WordPress Introduces New Performance Lab Plugin

19 Apr, 2022 Wordpress

WordPress has announced the launch of its new Performance Lab plugin, a suite of tools aimed at enabling WordPress users to boost the performance of their websites. Specifically, Performance Lab provides developers with the opportunity to trial improvements to WordPress prior to their implementation in the software’s core, if they get the job done right.

The Plugin was developed by a team of WordPress core developers, aka the WordPress Performance Team, as a means to gather feedback on the usefulness and effectiveness of pre-release features for the platform.

An extract from the official WordPress release announcing the launch of the new feature:

“The Performance Lab plugin is being actively worked on by the WordPress performance team, which was formed in late October 2021. The plugin is the primary project of the team where new performance features are being explored and implemented. It complements the direct contributions to WordPress core, which happen for smaller fixes or for features that already have seen significant testing in the plugin.”

“The modules included in the plugin are based on the priorities of the performance team contributors who meet weekly in the #performance Slack channel to discuss the ongoing efforts and priorities. The performance team takes into account the impact of different features while prioritizing work, and the modules included are also influenced by contributor interest.”

“So far, over 250 people have joined the performance Slack channel, with many of them participating in the weekly chats and reporting issues on GitHub. While code contributions to the plugin so far have been limited to just slightly more than 10 contributors, the performance team is confident that the volume of code contributions will increase over time, especially as the plugin starts seeing increased usage.”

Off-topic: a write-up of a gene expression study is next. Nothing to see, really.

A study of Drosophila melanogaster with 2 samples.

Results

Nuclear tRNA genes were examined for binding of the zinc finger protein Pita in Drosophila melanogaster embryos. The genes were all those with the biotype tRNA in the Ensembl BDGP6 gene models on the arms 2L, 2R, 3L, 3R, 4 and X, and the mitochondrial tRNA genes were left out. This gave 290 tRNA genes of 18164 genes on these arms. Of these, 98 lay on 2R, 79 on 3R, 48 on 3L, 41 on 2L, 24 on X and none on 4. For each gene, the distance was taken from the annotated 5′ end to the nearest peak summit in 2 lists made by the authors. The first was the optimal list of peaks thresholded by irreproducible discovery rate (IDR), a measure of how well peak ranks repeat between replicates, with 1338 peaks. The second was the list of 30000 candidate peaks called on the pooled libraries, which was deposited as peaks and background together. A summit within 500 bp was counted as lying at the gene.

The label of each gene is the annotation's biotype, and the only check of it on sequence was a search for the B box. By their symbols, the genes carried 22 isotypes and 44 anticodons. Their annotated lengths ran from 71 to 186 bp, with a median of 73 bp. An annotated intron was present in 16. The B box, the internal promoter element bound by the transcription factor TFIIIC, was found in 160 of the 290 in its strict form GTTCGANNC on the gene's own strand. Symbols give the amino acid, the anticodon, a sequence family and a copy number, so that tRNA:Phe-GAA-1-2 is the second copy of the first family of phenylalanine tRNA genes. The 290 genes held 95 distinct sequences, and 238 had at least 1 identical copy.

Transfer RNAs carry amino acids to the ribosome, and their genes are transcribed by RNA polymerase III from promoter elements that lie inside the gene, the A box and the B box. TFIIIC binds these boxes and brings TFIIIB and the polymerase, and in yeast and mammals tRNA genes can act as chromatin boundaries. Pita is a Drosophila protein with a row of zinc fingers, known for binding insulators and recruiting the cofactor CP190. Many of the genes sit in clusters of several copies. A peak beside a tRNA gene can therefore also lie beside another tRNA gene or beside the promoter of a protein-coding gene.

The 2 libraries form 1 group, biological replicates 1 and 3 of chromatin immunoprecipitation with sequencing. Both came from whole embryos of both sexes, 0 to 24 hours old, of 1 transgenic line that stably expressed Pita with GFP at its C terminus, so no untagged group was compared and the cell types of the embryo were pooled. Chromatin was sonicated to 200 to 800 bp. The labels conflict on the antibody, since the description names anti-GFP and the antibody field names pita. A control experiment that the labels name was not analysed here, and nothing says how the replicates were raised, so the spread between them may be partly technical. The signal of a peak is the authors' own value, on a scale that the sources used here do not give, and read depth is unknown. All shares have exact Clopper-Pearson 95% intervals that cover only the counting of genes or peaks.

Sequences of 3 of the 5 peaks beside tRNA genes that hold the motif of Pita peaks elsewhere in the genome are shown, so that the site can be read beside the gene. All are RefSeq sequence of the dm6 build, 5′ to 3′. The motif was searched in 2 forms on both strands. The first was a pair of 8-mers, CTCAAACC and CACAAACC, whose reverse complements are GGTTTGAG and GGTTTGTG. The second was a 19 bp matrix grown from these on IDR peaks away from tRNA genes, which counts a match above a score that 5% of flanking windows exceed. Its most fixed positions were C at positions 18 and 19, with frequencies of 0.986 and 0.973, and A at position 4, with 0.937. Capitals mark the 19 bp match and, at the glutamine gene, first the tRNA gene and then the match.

For the time being, and with further expansion planned for the near future, the new WordPress performance lab plugin has four modules, as follows:

  • WebP Uploads: Creates WebP versions for new JPEG image uploads if supported by the server. 
  • WebP Support: Adds a WebP support check in Site Health status. 
  • Persistent Object Cache Health Check: Adds a persistent object cache check for sites with non-trivial amounts of data in Site Health status. 
  • Audit Enqueued Assets (experimental): Adds a CSS and JS resource check in Site Health status. 

Source: WordPress

In terms of safety and stability, WordPress has indicated that the majority of modules are extensively tested and are therefore unlikely to break your website. Only those marked as “experimental” should be approached with caution for the time being, but WordPress still issues the usual disclaimer, just in case:

“As with every plugin, you are doing so at your own risk.”

Though they are keen to invite anyone with an interest in contributing to the whole thing to do just that:

“If you would like to participate in developing or shaping the direction of the plugin, the performance team would be pleased to have you join the weekly chats in the #performance Slack channel!”

We will be keeping our eyes peeled for more information from WordPress on its new performance lab plugin, as and when it becomes available.